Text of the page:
Manuel Rueda Blog

TypeScript Complex Types

April 03, 2019 - 3 minutes read


This is cool but there is not much documentation or practical example about it, the TypeScript Advanced Types article has minimal examples and explanations about how the use of these.

In this article I will show some “real life” examples to show what can be achievable with this.

Self reference type

Let say that we want to create an object that has a property foo of type string and a property bar that its type is defined based on the value of foo.

interface FooTypesMap {
    one: string;
    two: boolean;
    three: {
        one: Date
    };
}

type MyType = {
    [k in keyof FooTypesMap]: {
        foo: k,
        bar: FooTypesMap[k],
    }
}[keyof FooTypesMap]


const instanceOne: MyType = {
    foo: 'one',
    bar: 'some value',
}

const instanceTwo: MyType = {
    foo: 'two',
    bar: true,
}

const instanceThree: MyType = {
    foo: 'three',
    bar: {
        one: new Date()
    },
}

In this example we are using mapped types, index accessible types and union types to achieve type that can mutate based on the values of itself.

Specific self reference type

If you play around with the previous example you will find out that MyType is an union type of all possible combinations and when you define foo value TypeScript can narrow those possibilities to only the ones that match foo === X. But what about if you want to declare a variable of a specific possibility of that type? That is not possible in the previous example but here is how you can achieve it.

interface FooTypesMap {
    never: never;
    one: string;
    two: boolean;
    three: {
        one: Date
    };
}

type MyType<TType extends keyof FooTypesMap = 'never'> = {
    [k in keyof FooTypesMap]: {
        foo: TType extends 'never' ? k : TType,
        bar: FooTypesMap[TType extends 'never' ? k : TType],
    }
}[keyof FooTypesMap]

let instanceFour: MyType<'three'>;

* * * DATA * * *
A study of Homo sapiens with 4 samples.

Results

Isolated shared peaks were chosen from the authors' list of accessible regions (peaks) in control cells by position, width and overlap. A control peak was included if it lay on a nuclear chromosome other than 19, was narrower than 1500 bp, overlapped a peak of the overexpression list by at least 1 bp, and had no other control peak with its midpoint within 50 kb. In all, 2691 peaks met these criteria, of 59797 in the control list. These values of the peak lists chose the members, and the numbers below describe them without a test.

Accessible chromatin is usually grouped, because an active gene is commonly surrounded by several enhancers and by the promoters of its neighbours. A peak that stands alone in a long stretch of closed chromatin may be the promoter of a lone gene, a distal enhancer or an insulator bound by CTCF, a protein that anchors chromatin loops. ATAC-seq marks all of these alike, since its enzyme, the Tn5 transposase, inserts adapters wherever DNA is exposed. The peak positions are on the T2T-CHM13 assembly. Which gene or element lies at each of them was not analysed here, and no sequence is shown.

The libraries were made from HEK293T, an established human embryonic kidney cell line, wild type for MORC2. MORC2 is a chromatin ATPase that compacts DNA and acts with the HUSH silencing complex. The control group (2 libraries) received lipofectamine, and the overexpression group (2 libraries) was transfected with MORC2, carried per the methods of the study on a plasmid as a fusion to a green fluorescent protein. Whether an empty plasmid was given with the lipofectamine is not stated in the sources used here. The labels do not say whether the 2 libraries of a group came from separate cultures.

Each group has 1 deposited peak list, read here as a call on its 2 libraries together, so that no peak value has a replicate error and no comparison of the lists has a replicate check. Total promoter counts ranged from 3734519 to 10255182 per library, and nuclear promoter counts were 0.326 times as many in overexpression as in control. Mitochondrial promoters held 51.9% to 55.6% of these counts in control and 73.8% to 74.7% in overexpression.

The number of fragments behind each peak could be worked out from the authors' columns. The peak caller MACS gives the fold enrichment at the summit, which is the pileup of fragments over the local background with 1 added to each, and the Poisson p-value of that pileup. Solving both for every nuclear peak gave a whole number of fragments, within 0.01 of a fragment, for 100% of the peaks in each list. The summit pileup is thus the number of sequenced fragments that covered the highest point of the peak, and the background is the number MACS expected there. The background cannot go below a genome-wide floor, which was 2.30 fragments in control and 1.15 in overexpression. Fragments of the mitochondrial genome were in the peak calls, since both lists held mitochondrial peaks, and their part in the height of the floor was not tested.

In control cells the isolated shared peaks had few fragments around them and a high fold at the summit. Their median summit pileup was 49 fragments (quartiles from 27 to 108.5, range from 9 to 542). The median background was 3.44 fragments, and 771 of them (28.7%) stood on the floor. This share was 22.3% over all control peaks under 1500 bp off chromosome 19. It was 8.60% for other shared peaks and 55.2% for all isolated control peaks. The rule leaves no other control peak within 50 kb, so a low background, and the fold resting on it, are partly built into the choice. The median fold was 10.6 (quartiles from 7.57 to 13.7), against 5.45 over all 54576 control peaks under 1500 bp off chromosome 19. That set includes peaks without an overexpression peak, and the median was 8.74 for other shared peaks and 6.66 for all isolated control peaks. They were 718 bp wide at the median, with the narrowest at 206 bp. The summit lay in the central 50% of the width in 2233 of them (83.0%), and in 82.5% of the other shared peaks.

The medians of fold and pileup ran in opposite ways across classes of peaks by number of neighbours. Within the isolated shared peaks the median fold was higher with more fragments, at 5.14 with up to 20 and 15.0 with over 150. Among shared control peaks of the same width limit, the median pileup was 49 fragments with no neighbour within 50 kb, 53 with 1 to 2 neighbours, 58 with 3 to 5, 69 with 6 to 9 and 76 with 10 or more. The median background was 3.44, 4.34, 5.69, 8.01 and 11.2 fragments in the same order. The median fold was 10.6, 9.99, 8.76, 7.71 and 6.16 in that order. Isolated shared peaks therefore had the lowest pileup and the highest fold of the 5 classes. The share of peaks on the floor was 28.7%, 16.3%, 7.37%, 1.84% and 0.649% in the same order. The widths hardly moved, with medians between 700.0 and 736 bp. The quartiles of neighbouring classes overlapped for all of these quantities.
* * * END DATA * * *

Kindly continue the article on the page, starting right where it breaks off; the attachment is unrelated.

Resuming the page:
instanceFour = {
    foo: 'three',
    bar: {
        one: new Date()
    }
}

The difference with the previous example is that new added an optional generic type with a default value of never and use it inside a conditional type to verify if is declared or is the default. If is declared we use that type to define foo’s type and to get the type for bar and if its not defined we use k like the previous example.

The only hacky thing here is that never: never definition in FooTypesMap, that allow us to keep the type constraint TType extends keyof FooTypesMap that defines that TType has to be a key of FooTypesMap.

Recursive self reference type

There is one more level of type complexity that we can add to our MyType, what if we need an extra optional property called baz that is type MyType. This will allow us to use recursive types.

Also I will add a property called qux that is a map of N number of optional properties of type MyType to show how powerful can be.

Take in account that you probably want the recursive typed properties as optional because if not you will have a infinite declaration chain.

interface FooTypesMap {
    never: never;
    one: string;
    two: boolean;
    three: {
        one: Date
    };
}

type MyType<TType extends keyof FooTypesMap = 'never'> = {
    [k in keyof FooTypesMap]: {
        foo: TType extends 'never' ? k : TType,
        bar: FooTypesMap[TType extends 'never' ? k : TType],
        baz?: MyType,
        qux?: {
            [key: string]: MyType
        }
    }
}[keyof FooTypesMap]

let instance: MyType<'three'>;

instance = {
    foo: 'three',
    bar: {
        one: new Date()
    },
    baz: {
        foo: 'one',
        bar: 'some value'
    },
    qux: {
        myKey: {
            foo: 'two',
            bar: false,
        }
    }
}

Thanks Keshav for all the help with this typings!


Manuel Rueda

My name is Manuel Rueda and welcome to my blog. You can also follow me on Twitter and/or Github.